It’s a well-established narrative trope – heck, you could call it a cliché if you want – that as soon as someone goes on about how happy they are with everything, something’s about to happen to make it rather less so. So when we open James Robinson’s first Superman issue with a charming scene featuring Clark playing fetch in space with Krypto (while a bemused Hal Jordan looks on) and remarking on how great things are, I can’t help but get worried. Not for Lois – not even the events of Final Crisis #2 are enough to make me think anything bad’s ever going to happen to her – but for Krypto. Seriously, if something happens to that dog, I’m dropping the book like a stone.

Following that opening sequence – which in its few pages is enough to give us a sense of the way Robinson is approaching the character – we spend the remainder of the issue in a Superman-less Metropolis, and in one of many inevitable Starman comparisons, it’s clear straight away that he intends to use the city itself as a character rather than simply a backdrop for the artist – as a big monster rages through the streets to be taken on by the power-suited “Science Police”, it’s very much an “only in Metropolis” kind of story. For the main narrative, meanwhile, he falls back on another of his preferred devices – looking at the action through the eyes, and thoughts, of supporting characters. In this instance, it’s a member of the Science Police, and it’s good to see a certain amount of ambiguity as regards someone’s reaction to Superman – sometimes he hates him for making their job look trivial, sometimes he’s in awe of what the guy can do. It’s not black-and-white – it’s believable. It’s exactly the sort of vignette we used to see dotted throughout Starman (indeed, unlike with a lot of writers, I wouldn’t necessarily expect the character to show up again after this), and it demonstrates that one of the keystones of Robinson’s run will (hopefully) be character work – undeniably his biggest strength as a writer. And unlike his One Year Later Batman story, a longer run here will hopefully mean that that sort of thing gets time to breathe.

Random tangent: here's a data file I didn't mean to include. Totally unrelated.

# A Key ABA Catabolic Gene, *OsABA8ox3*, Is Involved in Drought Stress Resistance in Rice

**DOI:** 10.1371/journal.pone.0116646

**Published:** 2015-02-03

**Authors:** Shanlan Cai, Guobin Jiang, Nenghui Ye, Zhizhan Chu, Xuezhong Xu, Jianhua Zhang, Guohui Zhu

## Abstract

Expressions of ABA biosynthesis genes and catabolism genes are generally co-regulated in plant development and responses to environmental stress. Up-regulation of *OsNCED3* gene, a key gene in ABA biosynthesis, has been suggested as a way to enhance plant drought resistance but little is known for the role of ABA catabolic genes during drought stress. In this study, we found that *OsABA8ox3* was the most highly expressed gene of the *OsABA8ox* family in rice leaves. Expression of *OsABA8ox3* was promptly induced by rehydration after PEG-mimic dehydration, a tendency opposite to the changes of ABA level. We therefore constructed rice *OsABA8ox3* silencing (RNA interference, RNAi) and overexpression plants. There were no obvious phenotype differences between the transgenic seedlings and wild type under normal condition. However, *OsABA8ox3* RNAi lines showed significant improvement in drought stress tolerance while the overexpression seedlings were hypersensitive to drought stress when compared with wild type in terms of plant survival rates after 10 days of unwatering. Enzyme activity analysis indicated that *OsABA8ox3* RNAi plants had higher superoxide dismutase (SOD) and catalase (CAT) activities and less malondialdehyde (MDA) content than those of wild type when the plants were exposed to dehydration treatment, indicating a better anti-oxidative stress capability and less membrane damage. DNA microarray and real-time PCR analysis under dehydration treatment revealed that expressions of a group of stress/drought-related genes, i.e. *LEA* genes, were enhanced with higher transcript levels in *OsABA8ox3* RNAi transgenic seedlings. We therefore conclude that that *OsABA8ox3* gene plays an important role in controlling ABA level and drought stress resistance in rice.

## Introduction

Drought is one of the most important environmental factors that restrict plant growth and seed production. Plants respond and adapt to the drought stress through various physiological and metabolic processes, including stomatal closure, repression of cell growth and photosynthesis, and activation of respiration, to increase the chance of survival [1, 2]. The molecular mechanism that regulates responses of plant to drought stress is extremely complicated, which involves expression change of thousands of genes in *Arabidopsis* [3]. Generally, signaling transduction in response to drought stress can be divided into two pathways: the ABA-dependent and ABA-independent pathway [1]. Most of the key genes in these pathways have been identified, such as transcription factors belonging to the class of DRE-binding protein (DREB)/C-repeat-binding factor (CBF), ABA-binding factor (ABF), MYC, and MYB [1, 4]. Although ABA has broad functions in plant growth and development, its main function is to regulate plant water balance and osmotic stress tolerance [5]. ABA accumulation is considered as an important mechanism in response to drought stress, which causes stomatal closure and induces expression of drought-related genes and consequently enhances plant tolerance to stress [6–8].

Renato Guedes has already made waves as an occasional Superman artist in the last couple of years, and it’s good to see him locked in to a proper run on the main title – as he’s one of the best out there at drawing the character at the moment. As I’ve said before, he reminds me of Jackson (Butch) Guice’s early/mid ’90s work, and his Superman has the requisite mixture of power and grace. He’s also no slouch when it comes to the action sequences, and there’s a pleasing amount of precision to his linework and Wilson Magalhaes’ inks – although some of the rippling muscle shots of Atlas leave a bit to be desired.

It’s a promising start, anyway. It doesn’t do anything mindblowing, doesn’t promise much in the way of great shakeups – but it shows a measured pace in building things up, and the tone is absolutely spot on. Robinson is clearly, just for the moment, setting himself up to bed in for the long haul – and as long as he doesn’t do anything to that dog, I’m happy to join him.